The Truth About Rent-to-Own

Most of us are very familiar with the term “rent-to-own”. Places like Prime Time and Rent A Center have built an empire of rent-to-own merchandise, even though the buyer usually ends up paying twice the actual value of the item. While this may be great for those with bad credit, most of us would rather avoid going down this road. Homes are no exception, especially if you are buying a home on a rent-to-own basis.

While rent-to-own may be good in the short term, it can prove to be an expensive way for a person to purchase something they intend to keep. For example, a rent-to-own purchase sounds compelling for a few dollars a week. The agreement is usually for about 15-20 months, and that’s where the company makes its money. While you may only pay a few dollars a week, the total amount quickly increases to nearly twice the cost of the item.

Along with the rent, you must also pay applicable sales tax. As with commodities, rent-to-own real estate has its drawbacks. While it’s great for those with less-than-stellar credit, you usually end up paying back a lot more than the mortgage. You will still have to pay back the lender’s mortgage, although this amount will not be as high as if you decided to get a home on a rent-to-own basis.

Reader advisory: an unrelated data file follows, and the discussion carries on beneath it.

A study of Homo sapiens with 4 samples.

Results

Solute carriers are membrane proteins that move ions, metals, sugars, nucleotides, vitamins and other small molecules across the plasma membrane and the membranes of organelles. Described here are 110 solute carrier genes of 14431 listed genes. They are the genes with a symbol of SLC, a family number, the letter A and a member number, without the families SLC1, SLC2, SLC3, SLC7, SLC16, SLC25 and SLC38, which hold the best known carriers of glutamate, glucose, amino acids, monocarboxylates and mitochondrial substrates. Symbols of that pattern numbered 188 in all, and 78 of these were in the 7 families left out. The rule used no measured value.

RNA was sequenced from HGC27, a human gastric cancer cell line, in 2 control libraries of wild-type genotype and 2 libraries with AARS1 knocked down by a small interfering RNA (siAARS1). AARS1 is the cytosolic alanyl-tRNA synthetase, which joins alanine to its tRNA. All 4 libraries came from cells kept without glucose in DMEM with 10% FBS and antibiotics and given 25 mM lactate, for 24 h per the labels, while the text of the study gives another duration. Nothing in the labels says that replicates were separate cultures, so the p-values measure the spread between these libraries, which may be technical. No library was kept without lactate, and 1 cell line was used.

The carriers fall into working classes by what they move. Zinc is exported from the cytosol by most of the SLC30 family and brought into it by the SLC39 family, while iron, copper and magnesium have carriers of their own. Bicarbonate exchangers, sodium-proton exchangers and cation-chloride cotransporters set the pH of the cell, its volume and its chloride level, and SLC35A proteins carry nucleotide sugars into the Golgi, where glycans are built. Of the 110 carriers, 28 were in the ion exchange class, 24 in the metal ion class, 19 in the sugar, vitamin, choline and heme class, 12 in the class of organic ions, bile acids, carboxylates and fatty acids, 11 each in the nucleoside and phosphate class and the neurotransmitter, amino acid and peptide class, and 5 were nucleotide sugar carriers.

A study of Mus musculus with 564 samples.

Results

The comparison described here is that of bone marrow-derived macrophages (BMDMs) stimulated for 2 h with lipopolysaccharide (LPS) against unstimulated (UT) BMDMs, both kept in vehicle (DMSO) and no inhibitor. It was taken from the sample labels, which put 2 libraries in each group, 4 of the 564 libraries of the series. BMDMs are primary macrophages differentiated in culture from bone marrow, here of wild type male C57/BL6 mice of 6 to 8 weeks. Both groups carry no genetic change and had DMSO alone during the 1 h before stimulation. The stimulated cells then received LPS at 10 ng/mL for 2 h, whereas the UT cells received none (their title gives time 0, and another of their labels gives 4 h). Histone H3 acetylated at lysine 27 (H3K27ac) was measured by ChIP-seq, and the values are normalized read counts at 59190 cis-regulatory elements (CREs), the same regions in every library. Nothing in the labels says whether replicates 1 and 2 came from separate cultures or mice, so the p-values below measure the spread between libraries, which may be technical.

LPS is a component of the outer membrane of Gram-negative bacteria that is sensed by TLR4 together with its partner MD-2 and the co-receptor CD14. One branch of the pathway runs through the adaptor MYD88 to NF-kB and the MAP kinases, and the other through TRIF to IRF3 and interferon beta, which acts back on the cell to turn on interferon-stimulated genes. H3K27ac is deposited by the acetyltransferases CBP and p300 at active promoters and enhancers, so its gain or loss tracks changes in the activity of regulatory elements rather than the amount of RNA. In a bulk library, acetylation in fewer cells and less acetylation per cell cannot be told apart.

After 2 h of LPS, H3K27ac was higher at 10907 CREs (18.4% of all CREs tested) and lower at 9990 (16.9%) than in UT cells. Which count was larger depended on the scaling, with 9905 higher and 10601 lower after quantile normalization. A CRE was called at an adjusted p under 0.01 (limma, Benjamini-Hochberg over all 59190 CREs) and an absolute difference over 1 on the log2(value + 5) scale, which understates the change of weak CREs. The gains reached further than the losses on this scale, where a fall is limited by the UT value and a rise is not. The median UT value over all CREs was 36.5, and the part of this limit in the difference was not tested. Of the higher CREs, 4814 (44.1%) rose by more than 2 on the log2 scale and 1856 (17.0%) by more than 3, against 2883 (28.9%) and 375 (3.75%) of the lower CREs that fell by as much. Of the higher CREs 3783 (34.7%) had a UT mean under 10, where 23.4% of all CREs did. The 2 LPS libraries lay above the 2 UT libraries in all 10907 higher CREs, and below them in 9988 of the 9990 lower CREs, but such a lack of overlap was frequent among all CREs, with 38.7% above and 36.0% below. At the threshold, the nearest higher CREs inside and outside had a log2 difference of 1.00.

In most cases, rent-to-own homes are put on the market by their owners. This way, you will be dealing directly with the homeowner. At first it’s a traditional lease, then if you decide you want to keep the house, you switch to rent-to-own. You and the homeowner will then work out an arrangement, usually for a few years. Some homeowners are very flexible and will work with you to get the price they want for their home, while others will charge you more to make a nice profit.

If you have bad credit and can’t get approved for a mortgage, then rent to own will be your next best option. While some people don’t like this because of the price, it is a better option than a condo for many people. With a rent-to-own home, you are paying money for the home, not just the rent. In some cases, this is fine, although you should make sure to double check with the homeowner before agreeing or committing to anything. That way, you’ll know how much you’ll be paying for the home – and for how long.